As plaques on statues to historical figures such as colonialist Cecil Rhodes, at Oriel College, University of Oxford and Robert Baden-Powell, the founder of the scout movement, are being adapted to tell of their more controversial behaviours Joanna Williams calls for a “more balanced” approach in this podcast whereby both the good and the controversial behaviours are told side by side. “We only ever learn the bad things,” she says.
Joanna, who is Director of the Think Tank Cieo and a weekly columnist at the magazine Spiked online, takes issue with how history is taught in schools today through adopting an “emotional” approach to events, with children asked to emulate the feelings of those who were put on slave boats rather than questioning how key events unfolded.
While Joanna says racism exists in society and should be called-out, terms like systemic racism, unconscious bias, white privilege, cultural appropriation, reparations, microaggression and intersectionality have migrated from academics and activists to newspapers, radio discussions, charity campaigns and school lessons leading to racial issues being over-reported.
History she explains should always be “contested” but the problem with using the now fashionable Critical Race Theory, is that it “divides” us all and puts us into specific categories of people. She would rather that we stepped beyond race and engaged with one another using the rallying cry of the campaigner Martin Luther King and seeing each-other’s characters and personalities.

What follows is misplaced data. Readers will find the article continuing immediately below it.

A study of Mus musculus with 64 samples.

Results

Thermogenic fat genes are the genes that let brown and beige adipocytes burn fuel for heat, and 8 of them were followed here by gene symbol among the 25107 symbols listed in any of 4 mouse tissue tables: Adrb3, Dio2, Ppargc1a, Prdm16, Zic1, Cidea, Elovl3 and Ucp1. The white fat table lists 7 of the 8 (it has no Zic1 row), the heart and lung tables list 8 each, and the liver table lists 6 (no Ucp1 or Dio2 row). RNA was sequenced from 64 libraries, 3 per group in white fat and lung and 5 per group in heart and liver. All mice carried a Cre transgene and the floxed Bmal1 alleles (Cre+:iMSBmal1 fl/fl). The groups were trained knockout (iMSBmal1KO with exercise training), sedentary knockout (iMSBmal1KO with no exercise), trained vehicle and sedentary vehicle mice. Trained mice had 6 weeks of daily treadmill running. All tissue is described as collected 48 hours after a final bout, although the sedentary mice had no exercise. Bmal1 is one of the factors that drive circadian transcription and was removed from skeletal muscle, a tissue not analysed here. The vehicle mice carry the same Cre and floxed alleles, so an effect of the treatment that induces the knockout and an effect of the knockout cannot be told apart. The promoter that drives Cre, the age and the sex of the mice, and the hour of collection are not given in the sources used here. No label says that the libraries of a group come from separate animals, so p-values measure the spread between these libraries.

Joanna Williams key quote: “I think Critical Race Theory is an incredibly divisive ideology. It separates us out into black people, white people, brown people at precisely the point in history at when those racial characteristics were being overcome. It sounds like a cliche now but if you go back and look at what Martin Luther King said in his, “I have a dream” speech, he spoke of a progressive vision of a future where racial characteristics were transcended. People should be treated as individuals and judged, as King says, by the content of their character and not on the colour of their skin. That speech represents a powerful, positive and aspirational vision of the kind of World I would like to live in. What CRT tells us is that even to have that aspiration is racist. If you claim to be colour blind you are racist.”